05 November 2009

Copenhagen vs London 4: Not waving but turning

Copenhagen's cyclists have a hand signal I'd not seen before. It consists of raising one hand level with the head, the palm flat and facing outwards, as if acknowledging a friend (right).

At first you think people are just being sociable and waving to each other, but then you realise it's a hand signal with a specific purpose. It seems to mean 'I'm turning left, but not yet'.

Turning left involves crossing an oncoming stream of traffic, because in Denmark traffic drives on the right, instead of London where traffic drives around the Thames Water roadworks. At some junctions, though, you're not supposed to turn left by waiting in the middle (which you would sign in the normal way by sticking your left arm straight out).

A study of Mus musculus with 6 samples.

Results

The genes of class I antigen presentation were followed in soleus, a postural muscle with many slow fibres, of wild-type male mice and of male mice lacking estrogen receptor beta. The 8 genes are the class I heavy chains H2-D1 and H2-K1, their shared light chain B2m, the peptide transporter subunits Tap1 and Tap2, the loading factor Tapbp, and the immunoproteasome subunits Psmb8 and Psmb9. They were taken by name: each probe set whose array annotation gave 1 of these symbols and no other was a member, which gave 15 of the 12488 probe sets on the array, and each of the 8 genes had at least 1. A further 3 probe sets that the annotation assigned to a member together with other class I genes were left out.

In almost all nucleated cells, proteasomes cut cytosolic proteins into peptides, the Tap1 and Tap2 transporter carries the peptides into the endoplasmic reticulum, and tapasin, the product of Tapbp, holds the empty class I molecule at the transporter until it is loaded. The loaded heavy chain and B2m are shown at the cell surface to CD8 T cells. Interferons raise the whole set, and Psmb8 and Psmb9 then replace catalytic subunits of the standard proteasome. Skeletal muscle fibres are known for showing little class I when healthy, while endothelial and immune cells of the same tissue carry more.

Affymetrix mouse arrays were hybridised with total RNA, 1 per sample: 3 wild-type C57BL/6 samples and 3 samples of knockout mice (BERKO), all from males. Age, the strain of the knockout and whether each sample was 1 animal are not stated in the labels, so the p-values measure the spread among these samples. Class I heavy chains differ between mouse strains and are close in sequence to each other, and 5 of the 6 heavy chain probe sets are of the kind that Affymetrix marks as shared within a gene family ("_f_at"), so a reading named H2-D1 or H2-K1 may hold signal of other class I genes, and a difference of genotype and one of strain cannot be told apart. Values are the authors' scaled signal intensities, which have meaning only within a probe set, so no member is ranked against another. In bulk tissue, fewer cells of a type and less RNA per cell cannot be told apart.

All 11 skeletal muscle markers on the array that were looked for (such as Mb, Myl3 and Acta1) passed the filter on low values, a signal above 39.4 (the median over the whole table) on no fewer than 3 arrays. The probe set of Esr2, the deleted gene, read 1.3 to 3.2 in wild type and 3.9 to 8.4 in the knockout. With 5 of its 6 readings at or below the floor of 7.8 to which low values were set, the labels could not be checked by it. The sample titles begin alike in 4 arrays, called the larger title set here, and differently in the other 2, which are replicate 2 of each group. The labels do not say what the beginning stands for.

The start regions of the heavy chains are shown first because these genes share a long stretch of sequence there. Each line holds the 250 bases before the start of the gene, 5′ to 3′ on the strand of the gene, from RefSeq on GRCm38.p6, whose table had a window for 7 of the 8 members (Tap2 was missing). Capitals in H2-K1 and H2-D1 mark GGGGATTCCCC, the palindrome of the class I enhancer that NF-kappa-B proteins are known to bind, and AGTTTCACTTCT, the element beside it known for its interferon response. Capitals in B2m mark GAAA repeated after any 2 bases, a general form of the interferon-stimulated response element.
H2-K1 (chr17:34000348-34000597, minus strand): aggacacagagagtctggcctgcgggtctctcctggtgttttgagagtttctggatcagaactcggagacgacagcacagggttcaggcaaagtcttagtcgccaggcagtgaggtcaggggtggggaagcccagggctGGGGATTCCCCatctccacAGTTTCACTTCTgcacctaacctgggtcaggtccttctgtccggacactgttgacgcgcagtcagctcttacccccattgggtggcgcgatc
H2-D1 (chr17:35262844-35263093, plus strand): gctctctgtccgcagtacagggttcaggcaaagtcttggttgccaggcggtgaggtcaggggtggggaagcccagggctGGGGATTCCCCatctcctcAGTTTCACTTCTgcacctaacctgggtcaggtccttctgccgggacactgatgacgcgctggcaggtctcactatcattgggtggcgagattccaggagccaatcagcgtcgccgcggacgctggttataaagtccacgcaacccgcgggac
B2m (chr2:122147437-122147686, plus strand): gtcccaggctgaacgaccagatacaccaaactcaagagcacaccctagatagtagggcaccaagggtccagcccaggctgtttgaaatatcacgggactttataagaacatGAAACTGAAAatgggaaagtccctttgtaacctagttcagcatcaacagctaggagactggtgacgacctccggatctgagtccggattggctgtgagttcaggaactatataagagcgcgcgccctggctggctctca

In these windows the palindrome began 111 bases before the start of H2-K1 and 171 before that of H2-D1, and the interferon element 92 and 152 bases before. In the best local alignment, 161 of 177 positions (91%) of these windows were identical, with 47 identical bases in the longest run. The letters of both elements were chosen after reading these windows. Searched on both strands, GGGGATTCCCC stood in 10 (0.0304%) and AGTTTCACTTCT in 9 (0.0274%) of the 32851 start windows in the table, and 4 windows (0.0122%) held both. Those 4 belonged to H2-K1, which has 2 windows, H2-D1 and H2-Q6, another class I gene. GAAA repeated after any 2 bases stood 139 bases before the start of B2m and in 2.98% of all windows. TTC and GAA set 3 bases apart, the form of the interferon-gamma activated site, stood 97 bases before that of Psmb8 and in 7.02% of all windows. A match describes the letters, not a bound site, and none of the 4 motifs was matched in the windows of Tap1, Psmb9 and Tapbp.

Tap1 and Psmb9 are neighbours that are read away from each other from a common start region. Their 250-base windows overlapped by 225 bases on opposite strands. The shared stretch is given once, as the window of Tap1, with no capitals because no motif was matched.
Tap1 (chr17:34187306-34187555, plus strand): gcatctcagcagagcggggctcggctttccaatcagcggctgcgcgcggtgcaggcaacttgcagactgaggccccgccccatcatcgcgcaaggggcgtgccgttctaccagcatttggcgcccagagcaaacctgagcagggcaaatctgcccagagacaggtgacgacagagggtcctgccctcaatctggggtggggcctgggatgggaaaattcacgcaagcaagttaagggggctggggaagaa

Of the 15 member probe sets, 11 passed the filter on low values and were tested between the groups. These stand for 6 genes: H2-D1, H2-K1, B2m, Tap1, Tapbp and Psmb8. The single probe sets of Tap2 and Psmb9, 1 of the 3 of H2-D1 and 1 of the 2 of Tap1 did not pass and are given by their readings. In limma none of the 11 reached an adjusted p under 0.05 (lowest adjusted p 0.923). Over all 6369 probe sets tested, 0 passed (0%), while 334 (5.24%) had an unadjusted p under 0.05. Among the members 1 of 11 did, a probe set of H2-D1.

Instead, you join the head of the queue of cyclists coming perpendicularly across you from your right, and wait for the signal to go straight on. To show that you're going to do this, you do the Copenhagen Wave, like the two lasses in these pictures.

Of course, we have several hand signals in frequent use in London which aren't in the Highway Code, but I don't propose to illustrate them.


  1. Actually, the hand signal means "I am stopping", but by far the most common stop is when you are turning left at an intersection.

    Other common hand signals are "hand to ear" ("I am on the phone. I am not paying attention but at least I am looking where I am going") and "hand in front of chest, eyes down" ("I am SMS'ing. I am not paying attention nor looking where I am going")

  2. Aha! Thanks for that, Jan.

    It took me three days to realise it was a signal. I thought all these tall young ladies on bikes were waving at me. Wow, I thought, Copenhagen's a friendly place.

  3. Well, Copenhagen's just a big village really :)

    What did you make of all the guys waving at you?